Heidi Trautmann

Heidi Trautmann's Christmas Letter 2014 and thoughts at the end of the year

Dear Friends, Dear Readers,


2014 is coming to an end and the time has come to make the sums of plus and minus, and draw our final conclusion. I did too; and I have tried to observe and follow movements in society, especially of the young people, they react faster and talk more easily. My conclusion of 2014? Here it is:


Animals are our best friends….

The worse humanity gets and the more wars we have, the more people turn their attention to animals, or rather to the human streak in animals. Aren’t they cute, why can’t we behave like the animals do, I read in many messages posted on facebook.  Facebook is a good indicator for trends in society, you can feel the pulse. Not one day passes without cats and dogs barking and miaowing across the screen, our companions, with scenes showing the compassion of animals towards their masters - the faithful friend - watching over new-born babies just as over old people sick in their bed, or jumping into dangerous waters or through a fire wall to save a life.

Owners of cats and dogs are proud of showing the intelligence of their ‘partners’, but it does not stop here, they want to demonstrate the peacefulness of animals among each other; cats playing with mice, monkeys, also their big relatives, the orang-utans, cuddling all kind of fledglings, reminding us of the Tarzan ‘legend’, for me as a kid of ten a true and loved legend it was…..or the Jungle Book with little Mogli brought up by a wolf family.

Facebook friends outdo one another, dig up video clips of wild animals establishing family bonds with babies of other species, scenes never shown before. I can remember that our house cat allowed the small chicks to find shelter in her warm fur. However, that does happen with domesticated animals, they get used to each other; or animals in zoos perhaps or open animal farms where orphans are being kept until they are fit to be released.

We know of friendship bonds between humans and wild animals when they had grown up together or when for example lion cubs had lost their mother and were brought up by a human mom or dad, this bond is forever valid. We know the story of Jane Goodall and her chimpanzees in Tanzania. But we don’t have to go that far, we know of relations building up between a farmer and his cattle, horse breeders and riders and their horses; there are many animal care centres all around the world looking after abandoned fledglings.


Animal stories are always very touching, the latest book I read was ‘Bob, the Cat’ a ginger cat adopting a street musician, it went around the world.

Most of these strong bonds start to form when the one or other is a small helpless bundle of life, it will automatically be adopted and cared for by any animal that belongs to the household, the helpless youngster would not be attacked. When you want to introduce a new animal then you must get it as a baby, the older they are the more difficult it is to get them used to each other.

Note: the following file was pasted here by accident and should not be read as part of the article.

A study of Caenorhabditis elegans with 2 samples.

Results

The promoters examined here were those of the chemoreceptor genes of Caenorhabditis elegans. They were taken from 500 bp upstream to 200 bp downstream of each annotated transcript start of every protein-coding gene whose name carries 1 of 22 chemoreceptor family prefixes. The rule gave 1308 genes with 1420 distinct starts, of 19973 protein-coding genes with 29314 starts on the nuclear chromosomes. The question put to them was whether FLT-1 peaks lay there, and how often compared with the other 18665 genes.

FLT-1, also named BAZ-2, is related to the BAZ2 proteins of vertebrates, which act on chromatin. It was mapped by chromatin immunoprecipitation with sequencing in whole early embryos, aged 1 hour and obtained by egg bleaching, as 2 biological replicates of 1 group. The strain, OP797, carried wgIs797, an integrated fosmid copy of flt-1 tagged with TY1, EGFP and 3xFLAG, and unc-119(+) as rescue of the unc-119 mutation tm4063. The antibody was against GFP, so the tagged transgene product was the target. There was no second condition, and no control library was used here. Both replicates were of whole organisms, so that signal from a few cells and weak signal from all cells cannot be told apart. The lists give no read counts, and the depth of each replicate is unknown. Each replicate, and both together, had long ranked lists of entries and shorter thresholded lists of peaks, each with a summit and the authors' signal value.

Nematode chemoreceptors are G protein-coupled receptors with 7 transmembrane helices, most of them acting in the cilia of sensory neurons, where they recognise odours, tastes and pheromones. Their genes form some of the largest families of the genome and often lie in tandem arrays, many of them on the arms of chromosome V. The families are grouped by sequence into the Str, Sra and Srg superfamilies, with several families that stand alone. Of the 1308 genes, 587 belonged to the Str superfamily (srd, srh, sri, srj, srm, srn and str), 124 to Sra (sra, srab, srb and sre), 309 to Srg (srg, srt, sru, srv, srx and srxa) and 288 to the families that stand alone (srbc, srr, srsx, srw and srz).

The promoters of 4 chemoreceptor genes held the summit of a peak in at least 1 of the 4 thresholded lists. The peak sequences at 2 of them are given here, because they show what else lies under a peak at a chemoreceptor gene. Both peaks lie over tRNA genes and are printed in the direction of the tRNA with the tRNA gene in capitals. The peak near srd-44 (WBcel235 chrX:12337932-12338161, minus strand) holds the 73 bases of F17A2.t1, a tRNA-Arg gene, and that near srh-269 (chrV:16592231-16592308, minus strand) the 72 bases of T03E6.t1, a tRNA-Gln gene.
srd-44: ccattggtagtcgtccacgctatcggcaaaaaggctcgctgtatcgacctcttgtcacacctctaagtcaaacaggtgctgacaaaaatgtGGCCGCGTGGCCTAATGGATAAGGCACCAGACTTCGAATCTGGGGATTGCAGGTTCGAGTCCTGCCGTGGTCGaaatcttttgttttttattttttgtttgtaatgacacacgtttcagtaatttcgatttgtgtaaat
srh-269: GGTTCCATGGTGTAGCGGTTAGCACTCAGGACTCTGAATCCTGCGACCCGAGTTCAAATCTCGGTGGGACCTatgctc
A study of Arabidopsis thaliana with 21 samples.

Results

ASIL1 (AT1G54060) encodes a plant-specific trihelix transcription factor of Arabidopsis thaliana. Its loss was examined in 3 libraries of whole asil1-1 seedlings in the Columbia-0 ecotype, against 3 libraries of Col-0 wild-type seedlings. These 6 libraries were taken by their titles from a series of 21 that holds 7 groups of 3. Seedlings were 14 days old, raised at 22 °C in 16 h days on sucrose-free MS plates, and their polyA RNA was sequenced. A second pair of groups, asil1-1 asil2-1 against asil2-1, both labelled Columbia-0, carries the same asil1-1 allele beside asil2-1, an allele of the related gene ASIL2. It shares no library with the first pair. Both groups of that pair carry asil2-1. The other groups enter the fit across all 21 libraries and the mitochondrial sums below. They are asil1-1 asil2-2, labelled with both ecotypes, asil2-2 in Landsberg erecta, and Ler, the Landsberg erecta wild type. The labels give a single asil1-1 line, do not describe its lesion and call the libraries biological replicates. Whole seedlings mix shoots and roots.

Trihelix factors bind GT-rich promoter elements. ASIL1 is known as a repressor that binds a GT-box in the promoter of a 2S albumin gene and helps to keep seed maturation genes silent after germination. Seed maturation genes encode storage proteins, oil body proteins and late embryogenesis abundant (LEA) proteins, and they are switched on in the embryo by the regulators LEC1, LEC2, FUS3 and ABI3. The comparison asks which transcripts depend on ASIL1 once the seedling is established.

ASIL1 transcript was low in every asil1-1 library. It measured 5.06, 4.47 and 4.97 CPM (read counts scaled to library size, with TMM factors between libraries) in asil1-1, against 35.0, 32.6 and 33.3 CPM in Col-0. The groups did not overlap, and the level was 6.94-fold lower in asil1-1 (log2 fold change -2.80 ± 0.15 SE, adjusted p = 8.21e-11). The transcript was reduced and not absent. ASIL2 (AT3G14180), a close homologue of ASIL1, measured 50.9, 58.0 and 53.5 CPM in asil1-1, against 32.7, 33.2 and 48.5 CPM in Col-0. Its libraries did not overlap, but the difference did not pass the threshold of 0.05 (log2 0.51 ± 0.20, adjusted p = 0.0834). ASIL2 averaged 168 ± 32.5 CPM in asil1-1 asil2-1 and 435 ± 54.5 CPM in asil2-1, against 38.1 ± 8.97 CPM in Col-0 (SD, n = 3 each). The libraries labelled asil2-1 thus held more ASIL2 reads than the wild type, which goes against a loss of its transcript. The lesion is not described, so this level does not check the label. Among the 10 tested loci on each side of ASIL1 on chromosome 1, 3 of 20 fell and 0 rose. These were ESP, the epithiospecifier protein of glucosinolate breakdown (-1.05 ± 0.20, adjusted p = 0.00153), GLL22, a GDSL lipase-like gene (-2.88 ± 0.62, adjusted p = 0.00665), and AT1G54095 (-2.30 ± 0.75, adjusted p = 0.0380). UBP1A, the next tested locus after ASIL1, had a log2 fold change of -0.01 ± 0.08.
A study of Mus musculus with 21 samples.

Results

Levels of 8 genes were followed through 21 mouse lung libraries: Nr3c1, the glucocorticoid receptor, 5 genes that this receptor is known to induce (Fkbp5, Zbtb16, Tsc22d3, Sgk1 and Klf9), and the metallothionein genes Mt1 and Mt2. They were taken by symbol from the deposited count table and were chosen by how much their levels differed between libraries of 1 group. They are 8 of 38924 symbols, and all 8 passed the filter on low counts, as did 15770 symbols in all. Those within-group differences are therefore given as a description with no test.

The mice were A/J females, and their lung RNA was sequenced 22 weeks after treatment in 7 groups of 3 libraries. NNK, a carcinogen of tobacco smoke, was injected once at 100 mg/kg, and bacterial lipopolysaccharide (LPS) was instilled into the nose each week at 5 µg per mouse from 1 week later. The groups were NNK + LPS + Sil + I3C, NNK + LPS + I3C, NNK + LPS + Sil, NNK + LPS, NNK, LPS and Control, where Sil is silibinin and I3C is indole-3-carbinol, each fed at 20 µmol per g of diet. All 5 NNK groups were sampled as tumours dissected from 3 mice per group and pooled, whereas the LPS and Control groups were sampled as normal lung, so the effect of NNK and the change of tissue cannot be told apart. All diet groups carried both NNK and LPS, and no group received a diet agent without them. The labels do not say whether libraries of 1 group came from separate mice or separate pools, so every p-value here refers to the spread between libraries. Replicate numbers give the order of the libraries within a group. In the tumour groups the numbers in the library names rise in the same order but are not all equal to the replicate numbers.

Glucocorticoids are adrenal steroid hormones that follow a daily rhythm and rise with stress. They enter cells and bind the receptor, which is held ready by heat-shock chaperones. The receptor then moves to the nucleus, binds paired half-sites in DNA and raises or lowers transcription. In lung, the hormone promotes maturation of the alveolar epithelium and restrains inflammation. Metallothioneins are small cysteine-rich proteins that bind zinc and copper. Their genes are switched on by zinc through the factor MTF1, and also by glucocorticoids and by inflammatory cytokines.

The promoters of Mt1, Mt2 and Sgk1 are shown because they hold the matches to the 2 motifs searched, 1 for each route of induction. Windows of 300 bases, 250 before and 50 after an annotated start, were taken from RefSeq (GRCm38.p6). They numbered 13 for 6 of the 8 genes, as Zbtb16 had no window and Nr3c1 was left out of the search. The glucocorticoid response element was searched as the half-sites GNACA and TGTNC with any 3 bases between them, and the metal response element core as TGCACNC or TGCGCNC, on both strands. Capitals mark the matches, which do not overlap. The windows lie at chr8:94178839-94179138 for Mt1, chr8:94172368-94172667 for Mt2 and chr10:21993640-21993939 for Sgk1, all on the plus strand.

Why is that so? Small living beings still have blind trust and know nothing of the hardness of life to survive, and when jealousy sets in and mistrust. While growing up all living beings have their bad experiences and they build up fences; that is so with human and animal children; a living being that was hurt will bite.

Trust is the big word, whom can we trust? I often hear people say, especially older ones that their best friend is their dog or cat. Trust, the binding link. I have heard of stories where animals are admitted to hospitals or old age homes to accompany their charge to the final gate, death, or on the contrary to help recovering, especially when small patients are feeling alone. I read of another touching story, of a whale in connection with an English warship in the Atlantic during the Falkland war: La Baline des Malouines – The Falkland Whale by Pierre Boulle, I loved reading it, it could have been true.


Unfortunately, there are just as many stories where the animals are not regarded as our friends but are used to deliver parts of their body for our personal needs, as aphrodisiac in Asian countries, the fur of animals for fashion, or are regarded as objects for the uncontrolled hunting sports. However, the latter must not be mixed up with wildlife management keeping nature in balance in a wildlife resort, or in our forests where there are no longer any natural enemies, they have all been extinct. Lawful hunting is in some areas a must to protect nature. However, in such areas where they have re-introduced wolves or bears, forest managers have realised an improvement of nature in general and an interference with arms is no longer necessary.


In Buddhism animals are regarded as sentient beings and the thought that a human can be reborn as an animal or vice versa keeps the Buddhists in respect of anything living. I used to tell my children, grandchildren and now great grandchildren that one should always treat animals with respect because … ‘you never know if one day you will enter their kingdom and they will remember what you have done to them’ and I taught them to not be afraid of insects, such as spiders or bees, and rather carry them to safety when they are trapped somewhere.


I have come a long way now,  from the moment I shook my head in wonder over the many stories on facebook that made me write down my thoughts,  right through to Buddhism.  It remains a sad fact, however, and we have to draw the conclusion, at least I do, that we obviously regard animals as a higher species than humans at the moment with all the wars and killings going on in our world of humans.  Our world is not in balance.

I wonder if we should not consult the book ‘The Animal Farm’ by George Orwell in which Old Boar, the leader, calls the humans parasites and animals take over management.